A Discussion of Chris Paine’s Who Killed the Electric Car?

by Miles Flisher

Who Killed the Electric Car is one of the best documentaries I have ever seen. It proves without question the deliberate cover up of the electric car for profit of the oil industries. There is so much clear evidence to indicate that increasing use of electric cars could have been an effective means of lowering carbon emissions, and that many people miss driving their electric cars.

As the film progressed, it became increasingly disturbing. It highlighted the extent of control the oil and motor industries have in our country. The person with whom I was watching the movie was perturbed by the crushing of the electric cars because she remembered when the cars that were shown being crushed were still on the market. Although I did not have the same memories, I felt the same way when I heard how much some of the people who worked on the cars cared about the effect they could have on greenhouse gas emissions, knowing their hopes were crushed. The part of this movie with which we were already familiar was the part about the potential for use of hydrogen in cars. However, we were unaware of the favoring of the motor industries during the debate around the electric versus hydrogen car.

Humor was used in an interesting way at the beginning of this film. The movie opened with an image of a funeral with bagpipes and a processional, but the funeral was actually for the electric car. I found this funny at first, but when the film returned to the footage of the funeral later in the movie, I actually felt for the people who cared about the car and its potential. When I asked my partner if she thought the film described the American dream, she laughed and said “no.” However, she went on to say that the premise of the American dream is that with hard work and by doing the right thing with innovation, you will succeed, and that, although the electric car did all of this, it was struck down by the oil and motor industries for their own survival. I added that the film used the imagery of advertisements in an ideal America for showing the irony of the situation. This led us into a discussion of media coverage of electric cars. My partner felt that the media has hidden the real story of the electric car because it is now being run by corporations, which often bend truth to their advantage.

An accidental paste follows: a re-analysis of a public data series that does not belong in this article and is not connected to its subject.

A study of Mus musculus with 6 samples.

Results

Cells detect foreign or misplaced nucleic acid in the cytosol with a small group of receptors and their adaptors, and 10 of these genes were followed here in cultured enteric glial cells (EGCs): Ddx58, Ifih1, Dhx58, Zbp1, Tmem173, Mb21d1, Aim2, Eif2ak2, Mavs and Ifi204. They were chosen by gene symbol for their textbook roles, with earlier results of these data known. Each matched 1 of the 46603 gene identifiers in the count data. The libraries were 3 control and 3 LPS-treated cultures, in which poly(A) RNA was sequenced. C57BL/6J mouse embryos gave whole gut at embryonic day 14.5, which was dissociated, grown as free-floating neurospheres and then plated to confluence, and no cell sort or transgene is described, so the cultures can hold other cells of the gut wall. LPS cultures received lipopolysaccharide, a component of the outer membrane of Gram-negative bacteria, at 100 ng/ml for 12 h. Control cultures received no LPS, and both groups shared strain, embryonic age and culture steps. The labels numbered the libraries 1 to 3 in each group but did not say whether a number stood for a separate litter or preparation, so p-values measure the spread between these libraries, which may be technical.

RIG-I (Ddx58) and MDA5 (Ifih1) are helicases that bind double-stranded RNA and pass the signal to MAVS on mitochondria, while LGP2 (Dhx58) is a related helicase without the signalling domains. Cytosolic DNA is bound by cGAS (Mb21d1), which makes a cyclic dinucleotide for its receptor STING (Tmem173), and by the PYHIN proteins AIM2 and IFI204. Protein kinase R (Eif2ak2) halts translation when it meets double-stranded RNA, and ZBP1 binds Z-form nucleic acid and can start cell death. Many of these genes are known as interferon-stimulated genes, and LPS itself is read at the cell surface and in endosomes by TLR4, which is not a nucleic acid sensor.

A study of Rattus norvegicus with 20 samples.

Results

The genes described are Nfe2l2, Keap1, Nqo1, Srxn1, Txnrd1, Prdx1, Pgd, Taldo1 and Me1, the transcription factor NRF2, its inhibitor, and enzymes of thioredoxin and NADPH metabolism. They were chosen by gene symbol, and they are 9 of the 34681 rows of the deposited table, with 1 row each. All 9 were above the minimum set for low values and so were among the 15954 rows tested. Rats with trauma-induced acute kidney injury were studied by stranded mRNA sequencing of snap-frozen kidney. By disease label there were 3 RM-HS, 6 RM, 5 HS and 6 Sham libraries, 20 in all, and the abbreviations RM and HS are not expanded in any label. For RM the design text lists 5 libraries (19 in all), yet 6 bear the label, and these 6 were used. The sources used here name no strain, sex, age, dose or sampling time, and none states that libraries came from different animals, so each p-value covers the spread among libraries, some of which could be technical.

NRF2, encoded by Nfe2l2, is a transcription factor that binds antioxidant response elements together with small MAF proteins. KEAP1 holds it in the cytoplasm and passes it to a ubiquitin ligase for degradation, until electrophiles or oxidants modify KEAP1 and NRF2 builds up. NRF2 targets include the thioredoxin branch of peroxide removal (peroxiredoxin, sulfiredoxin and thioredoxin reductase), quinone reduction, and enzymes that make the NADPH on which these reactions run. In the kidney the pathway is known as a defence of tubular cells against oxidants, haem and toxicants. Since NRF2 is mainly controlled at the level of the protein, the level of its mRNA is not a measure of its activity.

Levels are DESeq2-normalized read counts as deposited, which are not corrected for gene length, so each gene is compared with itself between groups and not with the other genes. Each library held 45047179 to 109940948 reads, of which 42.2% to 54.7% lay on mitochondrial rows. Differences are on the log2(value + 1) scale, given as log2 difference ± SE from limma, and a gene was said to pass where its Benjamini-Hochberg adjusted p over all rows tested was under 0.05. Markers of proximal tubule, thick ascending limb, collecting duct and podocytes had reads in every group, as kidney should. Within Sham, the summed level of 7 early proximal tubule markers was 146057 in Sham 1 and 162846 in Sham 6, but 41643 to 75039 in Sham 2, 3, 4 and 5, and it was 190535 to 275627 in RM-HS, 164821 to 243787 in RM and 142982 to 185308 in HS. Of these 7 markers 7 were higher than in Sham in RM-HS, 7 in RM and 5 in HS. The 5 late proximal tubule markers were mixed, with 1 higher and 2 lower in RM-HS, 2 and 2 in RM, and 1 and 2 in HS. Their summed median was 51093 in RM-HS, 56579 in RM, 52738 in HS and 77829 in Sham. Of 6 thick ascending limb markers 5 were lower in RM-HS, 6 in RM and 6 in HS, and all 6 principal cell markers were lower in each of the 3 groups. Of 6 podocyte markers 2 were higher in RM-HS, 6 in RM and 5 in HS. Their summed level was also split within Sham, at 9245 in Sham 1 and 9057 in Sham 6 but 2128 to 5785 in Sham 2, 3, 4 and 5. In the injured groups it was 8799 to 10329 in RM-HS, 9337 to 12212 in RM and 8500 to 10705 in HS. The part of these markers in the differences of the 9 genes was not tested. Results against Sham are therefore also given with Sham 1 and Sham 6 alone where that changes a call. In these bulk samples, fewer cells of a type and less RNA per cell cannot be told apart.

The answer to this film’s challenge is to build awareness around what happened to the electric car, so that we can prevent such a thing from happening again. I would also like to get a car that is either electric, a hybrid, or an even better alternative. My partner thinks that the answer to the problem is to spread the truth, give to organizations who help with getting the truth out, and fight the influence of corporations. To do her part, she writes to her representatives about her concerns. We both agreed that people will have to work together in order for any solution to be effective. My partner mentioned that social media could be a useful tool for gathering support. She already tries to recruit others for environmental and philanthropic causes by posting on social media. Overall, we both enjoyed this movie and, at the same time, felt concerned and compelled to advocate for a transition to cleaner transportation.